Hackers have used a new "zero-day" vulnerability — a hole previously unknown to security researchers — in versions 7 and 8 of Microsoft's Internet Explorer browser to spread malware on computers running Windows XP Service Pack 3 and below. Further investigation by the developers of penetration testing tool Metasploit has demonstrated that the hole can also be exploited on computers running Internet Explorer 9 on Windows 7 or Windows Vista.

The attack uses a specially-crafted Flash animation

First pointed out by French researcher Eric Romang yesterday, the attack uses a specially-crafted Flash animation to drop a malware kit known as Poison Ivy on the target machine — as Ars Technica notes, it appears to be the work of the same gang responsible for exploiting a zero-day vulnerability in Java last month. Microsoft has issued an official advisory note acknowledging the problem and advising users to download its existing Enhanced Mitigation Experience Toolkit (EMET) to reduce the risk, but has not released a dedicated patch. It is not yet clear whether the company will wait until its next Patch Tuesday, October 9th, to provide a specific fix, as was the case with another IE9 vulnerability caught earlier this year.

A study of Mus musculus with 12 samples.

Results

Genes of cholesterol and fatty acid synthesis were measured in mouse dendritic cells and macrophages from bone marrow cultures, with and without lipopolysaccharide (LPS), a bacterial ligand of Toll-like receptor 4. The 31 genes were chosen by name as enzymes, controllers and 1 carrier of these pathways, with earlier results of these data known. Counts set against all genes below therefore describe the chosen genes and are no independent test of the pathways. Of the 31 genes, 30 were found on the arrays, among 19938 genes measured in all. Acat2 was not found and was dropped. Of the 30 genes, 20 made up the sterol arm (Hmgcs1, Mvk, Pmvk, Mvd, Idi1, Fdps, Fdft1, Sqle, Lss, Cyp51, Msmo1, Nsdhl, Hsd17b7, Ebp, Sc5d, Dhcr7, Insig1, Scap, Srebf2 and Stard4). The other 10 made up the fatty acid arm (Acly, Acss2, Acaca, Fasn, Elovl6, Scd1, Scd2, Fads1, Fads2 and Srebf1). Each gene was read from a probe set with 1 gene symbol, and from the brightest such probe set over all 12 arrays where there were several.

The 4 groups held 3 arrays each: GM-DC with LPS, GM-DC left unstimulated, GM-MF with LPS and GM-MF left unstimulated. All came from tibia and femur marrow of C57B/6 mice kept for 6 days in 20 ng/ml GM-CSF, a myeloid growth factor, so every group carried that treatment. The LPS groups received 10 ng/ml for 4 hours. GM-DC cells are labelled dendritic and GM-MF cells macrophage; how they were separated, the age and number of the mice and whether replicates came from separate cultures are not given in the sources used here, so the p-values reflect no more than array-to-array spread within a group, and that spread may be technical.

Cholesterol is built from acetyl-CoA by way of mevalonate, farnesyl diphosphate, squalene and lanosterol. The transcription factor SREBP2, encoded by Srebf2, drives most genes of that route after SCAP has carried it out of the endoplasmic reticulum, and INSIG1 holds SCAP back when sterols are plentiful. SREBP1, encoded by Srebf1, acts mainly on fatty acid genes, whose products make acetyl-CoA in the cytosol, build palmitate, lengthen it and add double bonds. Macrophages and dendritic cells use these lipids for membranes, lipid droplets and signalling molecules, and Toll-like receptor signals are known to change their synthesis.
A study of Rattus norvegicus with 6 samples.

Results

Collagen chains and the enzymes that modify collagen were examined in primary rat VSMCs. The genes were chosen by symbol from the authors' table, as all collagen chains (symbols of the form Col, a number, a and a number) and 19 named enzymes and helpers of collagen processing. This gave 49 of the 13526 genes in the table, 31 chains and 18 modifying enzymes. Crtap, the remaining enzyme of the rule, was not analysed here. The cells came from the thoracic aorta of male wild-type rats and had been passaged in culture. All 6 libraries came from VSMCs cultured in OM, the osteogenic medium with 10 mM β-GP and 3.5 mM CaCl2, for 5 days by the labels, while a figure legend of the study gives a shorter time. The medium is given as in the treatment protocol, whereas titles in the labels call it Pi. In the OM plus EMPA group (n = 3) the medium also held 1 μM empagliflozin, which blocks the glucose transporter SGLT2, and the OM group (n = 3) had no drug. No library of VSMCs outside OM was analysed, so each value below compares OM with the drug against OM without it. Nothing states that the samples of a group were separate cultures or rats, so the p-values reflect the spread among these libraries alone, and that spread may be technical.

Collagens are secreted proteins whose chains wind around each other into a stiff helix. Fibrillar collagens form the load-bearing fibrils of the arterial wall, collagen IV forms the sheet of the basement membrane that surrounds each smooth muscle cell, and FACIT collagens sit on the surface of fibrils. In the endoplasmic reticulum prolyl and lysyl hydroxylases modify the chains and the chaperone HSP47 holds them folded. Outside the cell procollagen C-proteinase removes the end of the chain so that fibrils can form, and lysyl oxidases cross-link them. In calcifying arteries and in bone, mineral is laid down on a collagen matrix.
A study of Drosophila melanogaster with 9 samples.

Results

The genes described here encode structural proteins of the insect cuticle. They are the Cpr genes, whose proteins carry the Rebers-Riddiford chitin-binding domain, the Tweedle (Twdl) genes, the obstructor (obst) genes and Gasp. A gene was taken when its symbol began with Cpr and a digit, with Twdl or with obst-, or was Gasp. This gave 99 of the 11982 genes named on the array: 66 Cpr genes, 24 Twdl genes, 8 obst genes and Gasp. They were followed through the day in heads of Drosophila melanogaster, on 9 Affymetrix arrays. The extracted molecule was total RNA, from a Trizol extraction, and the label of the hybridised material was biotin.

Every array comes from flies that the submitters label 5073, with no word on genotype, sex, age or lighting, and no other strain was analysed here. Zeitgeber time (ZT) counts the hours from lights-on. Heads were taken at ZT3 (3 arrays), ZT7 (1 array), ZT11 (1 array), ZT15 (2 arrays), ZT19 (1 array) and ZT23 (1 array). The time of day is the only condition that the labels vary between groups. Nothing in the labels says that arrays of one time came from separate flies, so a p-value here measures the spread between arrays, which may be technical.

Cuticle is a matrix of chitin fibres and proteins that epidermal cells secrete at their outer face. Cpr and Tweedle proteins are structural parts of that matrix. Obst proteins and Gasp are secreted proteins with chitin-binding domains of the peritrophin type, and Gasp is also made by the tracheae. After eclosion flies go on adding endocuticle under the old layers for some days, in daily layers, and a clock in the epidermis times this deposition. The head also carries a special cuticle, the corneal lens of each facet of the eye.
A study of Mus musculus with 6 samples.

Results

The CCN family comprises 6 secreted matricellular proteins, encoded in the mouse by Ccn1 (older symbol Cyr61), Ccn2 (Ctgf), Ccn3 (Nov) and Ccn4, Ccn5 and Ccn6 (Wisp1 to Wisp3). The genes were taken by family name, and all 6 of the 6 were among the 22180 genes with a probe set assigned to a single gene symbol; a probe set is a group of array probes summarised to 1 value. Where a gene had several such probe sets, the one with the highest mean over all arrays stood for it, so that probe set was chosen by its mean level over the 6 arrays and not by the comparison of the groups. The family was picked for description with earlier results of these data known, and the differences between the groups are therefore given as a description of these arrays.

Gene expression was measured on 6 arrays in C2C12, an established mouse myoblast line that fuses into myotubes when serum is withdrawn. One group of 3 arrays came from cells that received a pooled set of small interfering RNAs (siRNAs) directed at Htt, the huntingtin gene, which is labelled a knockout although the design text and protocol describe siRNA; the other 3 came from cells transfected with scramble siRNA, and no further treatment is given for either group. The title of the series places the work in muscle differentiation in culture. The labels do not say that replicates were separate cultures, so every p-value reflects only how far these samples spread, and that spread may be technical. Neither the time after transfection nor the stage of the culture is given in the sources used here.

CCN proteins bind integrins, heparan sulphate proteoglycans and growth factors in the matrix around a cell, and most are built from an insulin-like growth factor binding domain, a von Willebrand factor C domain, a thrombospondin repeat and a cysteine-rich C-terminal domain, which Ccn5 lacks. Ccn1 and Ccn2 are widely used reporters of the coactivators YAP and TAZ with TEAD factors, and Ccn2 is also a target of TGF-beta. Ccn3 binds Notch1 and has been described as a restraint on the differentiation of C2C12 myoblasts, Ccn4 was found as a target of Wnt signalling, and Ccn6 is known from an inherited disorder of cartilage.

With organizations including Germany's Federal Office for Information Security advising users to switch to browsers other than Internet Explorer until the problem is fixed, the vulnerability is likely to have an effect on the browser's short-term market share, and its ongoing battle with Google's Chrome. "For consumers it might be easier to simply click on Chrome," McAfee's threat intelligence director Dave Marcus tells Reuters.